The Taiwanese city is the first in a nationwide program to replace the metal disks with below-the-surface RFID-tagged cement slabs, to make roads safer for scooters and other vehicles.
By Claire Swedberg
Mar 15, 2013

When motorized scooters pass over the streets of Taipei—there are more than four million scooters currently in use within the city—they no longer encounter as many metal manhole covers as they used to. Instead, city workers are replacing metal disks (which pose a potential hazard to scooters, bicycles and cars) with cement slabs buried beneath the road's surface, and are using radio frequency identification technology to locate those manholes at a later date, when necessary. Approximately 20 percent of Taipei's manholes have been paved over since the project began in 2009. The goal of the Taiwanese federal government is to replace all metal manhole covers across the entire island with buried versions made of cement, and to include an RFID tag with each cover, to be read when necessary by road or utility workers using handheld readers. Initially, the task is being performed by road-works companies for the city of Taipei, which aims to pave over all of its manholes as part of the national program.

The city of Taipei is replacing metal manhole covers with buried cement slabs.

The project consists of RFID tags designed for the application and provided by EPC Solutions Taiwan, along with handheld readers to be used by road or utility workers. It also includes software, residing on the city's server, that manages RFID read data and stores each manhole's GPS coordinates, as well as its tag's unique ID number, to be viewed by staff members. So far, approximately 35,000 of Taipei's 175,000 manholes now have buried RFID-enabled covers.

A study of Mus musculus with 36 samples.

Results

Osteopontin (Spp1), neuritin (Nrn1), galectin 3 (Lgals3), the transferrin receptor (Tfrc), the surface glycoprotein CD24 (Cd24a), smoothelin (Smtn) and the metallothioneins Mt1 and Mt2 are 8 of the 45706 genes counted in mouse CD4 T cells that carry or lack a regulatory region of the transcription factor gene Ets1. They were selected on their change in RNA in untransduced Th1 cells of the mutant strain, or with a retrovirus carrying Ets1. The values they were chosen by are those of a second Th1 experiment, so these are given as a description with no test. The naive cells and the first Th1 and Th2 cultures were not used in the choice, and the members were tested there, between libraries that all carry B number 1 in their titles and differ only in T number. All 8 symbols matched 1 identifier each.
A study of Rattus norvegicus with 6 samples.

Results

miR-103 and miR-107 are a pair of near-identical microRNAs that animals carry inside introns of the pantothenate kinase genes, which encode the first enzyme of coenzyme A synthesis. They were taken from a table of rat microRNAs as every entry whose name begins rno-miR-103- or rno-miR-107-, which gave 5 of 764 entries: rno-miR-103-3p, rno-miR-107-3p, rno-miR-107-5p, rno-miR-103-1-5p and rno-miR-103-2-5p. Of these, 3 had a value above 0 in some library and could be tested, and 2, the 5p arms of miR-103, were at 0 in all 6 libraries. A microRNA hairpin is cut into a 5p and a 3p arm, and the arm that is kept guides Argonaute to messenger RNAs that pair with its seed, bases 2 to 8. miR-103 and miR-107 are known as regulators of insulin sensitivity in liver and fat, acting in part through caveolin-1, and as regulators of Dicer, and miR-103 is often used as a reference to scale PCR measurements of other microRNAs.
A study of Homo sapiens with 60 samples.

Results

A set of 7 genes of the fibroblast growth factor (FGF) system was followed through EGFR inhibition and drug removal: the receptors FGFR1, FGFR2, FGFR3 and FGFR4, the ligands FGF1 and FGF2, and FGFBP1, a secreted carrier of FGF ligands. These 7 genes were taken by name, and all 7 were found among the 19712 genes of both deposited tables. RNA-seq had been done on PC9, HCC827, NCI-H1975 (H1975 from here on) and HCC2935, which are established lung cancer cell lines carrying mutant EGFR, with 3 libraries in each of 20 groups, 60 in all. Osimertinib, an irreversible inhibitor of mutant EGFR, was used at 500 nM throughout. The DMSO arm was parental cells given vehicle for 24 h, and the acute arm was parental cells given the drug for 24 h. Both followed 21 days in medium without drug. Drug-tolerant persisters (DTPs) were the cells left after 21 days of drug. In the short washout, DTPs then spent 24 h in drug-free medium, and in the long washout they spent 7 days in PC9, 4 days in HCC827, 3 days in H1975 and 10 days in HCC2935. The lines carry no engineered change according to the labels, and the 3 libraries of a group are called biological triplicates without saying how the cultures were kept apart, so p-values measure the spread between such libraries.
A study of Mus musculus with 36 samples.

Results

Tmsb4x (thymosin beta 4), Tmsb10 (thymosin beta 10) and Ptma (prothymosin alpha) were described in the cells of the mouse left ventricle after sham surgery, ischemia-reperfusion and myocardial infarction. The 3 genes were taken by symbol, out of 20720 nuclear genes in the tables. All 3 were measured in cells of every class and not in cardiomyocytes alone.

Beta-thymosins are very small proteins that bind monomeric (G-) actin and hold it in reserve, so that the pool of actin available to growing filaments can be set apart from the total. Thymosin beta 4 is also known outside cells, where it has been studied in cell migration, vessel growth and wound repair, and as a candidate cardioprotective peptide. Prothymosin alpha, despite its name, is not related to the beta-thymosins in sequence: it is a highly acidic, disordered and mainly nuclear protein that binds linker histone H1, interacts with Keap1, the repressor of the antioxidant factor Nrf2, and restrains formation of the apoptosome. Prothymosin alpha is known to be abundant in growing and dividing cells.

According to the Taiwan Ministry of Transportation Department, the nation has nearly 2.4 million manholes on its public roads, averaging one every 20 meters (65.6 feet) within cities, and one every 40 meters (131 feet) within rural areas. The department's statistics indicate that in 2008, the quality of the roadway—which can include the slick, uneven surface created by metal manholes—contributed to 17.3 accidents per month. In 2009, Taipei was the first Taiwanese city to launch a system intended to address this problem. The aim is to produce a smooth, even road surface with no exposed metal manhole covers that can create breaks in the asphalt and pose a slippery surface causing tires to slide. To accomplish this goal, the city needed to pave over the manholes. However, when utility workers need to access the holes, they must be able to find them, and that requires RFID technology.

Within a recess atop each slab, workers place a circular cement-encased passive EPC Gen 2 RFID tag.

The city had several requirements. It needed an RFID tag that could be read through the road's surface, and that would pose no environmental hazard. Moreover, the city rejected the idea of a system that employed RFID readers installed on vehicles to accomplish the reads, and did not want its workers to have to bend over the road to bring the handheld interrogator close enough to read the tags. Therefore, EPC Solutions Taiwan designed an external reader antenna in the form of a wand long enough that workers could plug it into a handheld device and walk over the road without bending over, interrogating any tags embedded beneath the surface.